A patient receiving dialysis at Wrexham Maelor Hospital has published a book called Transplants and Fears about his experiences in the hope to help other people going through a similar journey.
Chris Simpson, 35, from Wrexham, was born 28 weeks premature, and has had four kidney transplants since he was 18-months-old. He received his last transplant when he was 23, which started to fail in August 2020. Since then, Chris has been visiting Wrexham Maelor Hospital’s Renal Unit for dialysis three times a week, which is a blood purifying treatment given when a kidney is not functioning as it should be.
In the book Chris explains: “I have always had the vision of hope, that I could provide understanding of the hidden side effects suffered by an individual and their family when living with such a chronic life-changing condition. The one thing I lack is confidence and knowing where to start.
“It was while working with Caron, my amazing social worker who helped me restore my confidence and break down barriers, that my life took a turn for the better.”
Caron introduced Chris to Outside In, a group at Wrexham Glyndwr University, made up of Social Work students and staff, and people with different health and social care needs, to share their experiences of using different services.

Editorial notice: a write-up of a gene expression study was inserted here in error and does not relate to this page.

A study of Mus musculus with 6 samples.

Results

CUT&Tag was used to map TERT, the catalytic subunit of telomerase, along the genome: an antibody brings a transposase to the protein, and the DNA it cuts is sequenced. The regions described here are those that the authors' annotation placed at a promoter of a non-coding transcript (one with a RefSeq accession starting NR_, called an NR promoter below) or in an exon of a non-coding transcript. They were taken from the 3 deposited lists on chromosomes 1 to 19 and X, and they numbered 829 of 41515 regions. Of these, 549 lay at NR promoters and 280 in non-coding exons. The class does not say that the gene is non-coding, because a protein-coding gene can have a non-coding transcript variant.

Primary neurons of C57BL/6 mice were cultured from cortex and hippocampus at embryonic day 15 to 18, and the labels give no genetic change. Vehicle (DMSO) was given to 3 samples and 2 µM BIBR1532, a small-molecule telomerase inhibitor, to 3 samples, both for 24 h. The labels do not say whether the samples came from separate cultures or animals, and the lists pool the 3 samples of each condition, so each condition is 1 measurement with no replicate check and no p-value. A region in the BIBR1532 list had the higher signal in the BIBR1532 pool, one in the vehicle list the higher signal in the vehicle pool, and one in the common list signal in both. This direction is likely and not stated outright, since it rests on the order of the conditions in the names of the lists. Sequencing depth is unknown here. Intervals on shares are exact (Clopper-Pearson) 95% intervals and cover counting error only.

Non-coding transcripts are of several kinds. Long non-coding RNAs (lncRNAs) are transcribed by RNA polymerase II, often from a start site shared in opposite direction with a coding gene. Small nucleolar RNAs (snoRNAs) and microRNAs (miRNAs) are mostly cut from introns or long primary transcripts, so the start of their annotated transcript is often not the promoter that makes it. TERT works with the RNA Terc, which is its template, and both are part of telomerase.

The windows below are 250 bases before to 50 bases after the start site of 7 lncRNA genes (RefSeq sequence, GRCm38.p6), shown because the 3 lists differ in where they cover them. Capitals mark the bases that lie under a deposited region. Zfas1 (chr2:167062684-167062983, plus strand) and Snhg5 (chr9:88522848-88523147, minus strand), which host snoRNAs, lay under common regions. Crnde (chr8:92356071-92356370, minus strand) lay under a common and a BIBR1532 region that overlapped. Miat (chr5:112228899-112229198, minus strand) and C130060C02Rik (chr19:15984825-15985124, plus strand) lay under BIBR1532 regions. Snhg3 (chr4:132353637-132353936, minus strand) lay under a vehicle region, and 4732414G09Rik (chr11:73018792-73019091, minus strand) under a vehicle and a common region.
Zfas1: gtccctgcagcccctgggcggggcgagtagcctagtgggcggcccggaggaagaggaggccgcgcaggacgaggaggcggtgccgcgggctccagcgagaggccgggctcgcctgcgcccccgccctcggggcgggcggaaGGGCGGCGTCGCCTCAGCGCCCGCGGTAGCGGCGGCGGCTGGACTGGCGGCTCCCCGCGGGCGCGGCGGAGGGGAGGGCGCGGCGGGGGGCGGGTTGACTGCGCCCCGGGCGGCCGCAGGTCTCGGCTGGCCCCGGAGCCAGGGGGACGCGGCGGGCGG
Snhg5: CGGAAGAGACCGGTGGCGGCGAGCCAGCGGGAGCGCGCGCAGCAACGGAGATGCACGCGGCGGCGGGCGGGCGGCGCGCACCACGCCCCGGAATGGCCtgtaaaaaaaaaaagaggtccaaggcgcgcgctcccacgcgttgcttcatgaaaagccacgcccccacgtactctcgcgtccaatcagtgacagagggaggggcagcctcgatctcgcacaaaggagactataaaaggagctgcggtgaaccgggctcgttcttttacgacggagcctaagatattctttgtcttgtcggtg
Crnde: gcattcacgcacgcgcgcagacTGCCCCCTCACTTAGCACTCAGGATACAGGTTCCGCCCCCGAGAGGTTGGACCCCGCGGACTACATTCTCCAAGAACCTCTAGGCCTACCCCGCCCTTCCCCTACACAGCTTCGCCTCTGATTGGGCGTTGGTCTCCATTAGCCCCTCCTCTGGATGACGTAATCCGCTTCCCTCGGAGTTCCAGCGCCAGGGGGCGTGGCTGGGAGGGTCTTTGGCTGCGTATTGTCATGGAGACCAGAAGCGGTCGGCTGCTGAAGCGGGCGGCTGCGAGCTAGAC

After Chris showed the group his writings, which started as a diary, he was encouraged to turn it into a book. Chris’ friend Bernice Ross, known as Bee, a social work student from the group, has been a big support to Chris and helped him write the book.
Chris explains: “It was the start of the COVID-19 pandemic that Bee came up with an ingenious idea of producing a draft copy of an entire book. Her view was that if we managed to produce a draft of a book with all my ideas in, I would have a positive achievement to look back on, even if it stayed on my own bookshelves.
“My aim for the book is to bring a true, non-filtered look into the way a patient or service user is seen and heard in life, and to reveal the effectiveness that practitioners can have upon the life of the individuals for whom they provide care and support. I hope that future generations of professionals take into account the impact of the condition and the effect their decisions and actions have on individuals.”
Chris has also received charitable support from Kidney Wales including funding for a new laptop to write his book on. Chris is now having tests to see if he is compatible to have another kidney transplant.
Dr Stuart Robertson, Consultant Nephrologist at Wrexham Maelor Hospital, who has been treating Chris for many years and features in the book, said: “For over 30 years, Chris has experienced the highs and lows of kidney disease – from the successful kidney transplantation to its subsequent failure and a return to dialysis. Throughout this time, he has been determined to live as normal a life as possible. This book is the emotional and honest journey of a young man living with kidney disease, I am sure it will be a great help to other patients, their relatives and those
who care for them in understanding the life-altering effect of kidney failure and, more importantly, how to survive this.”
To order a copy of Transplants and Fears or for more information please email email@example.com.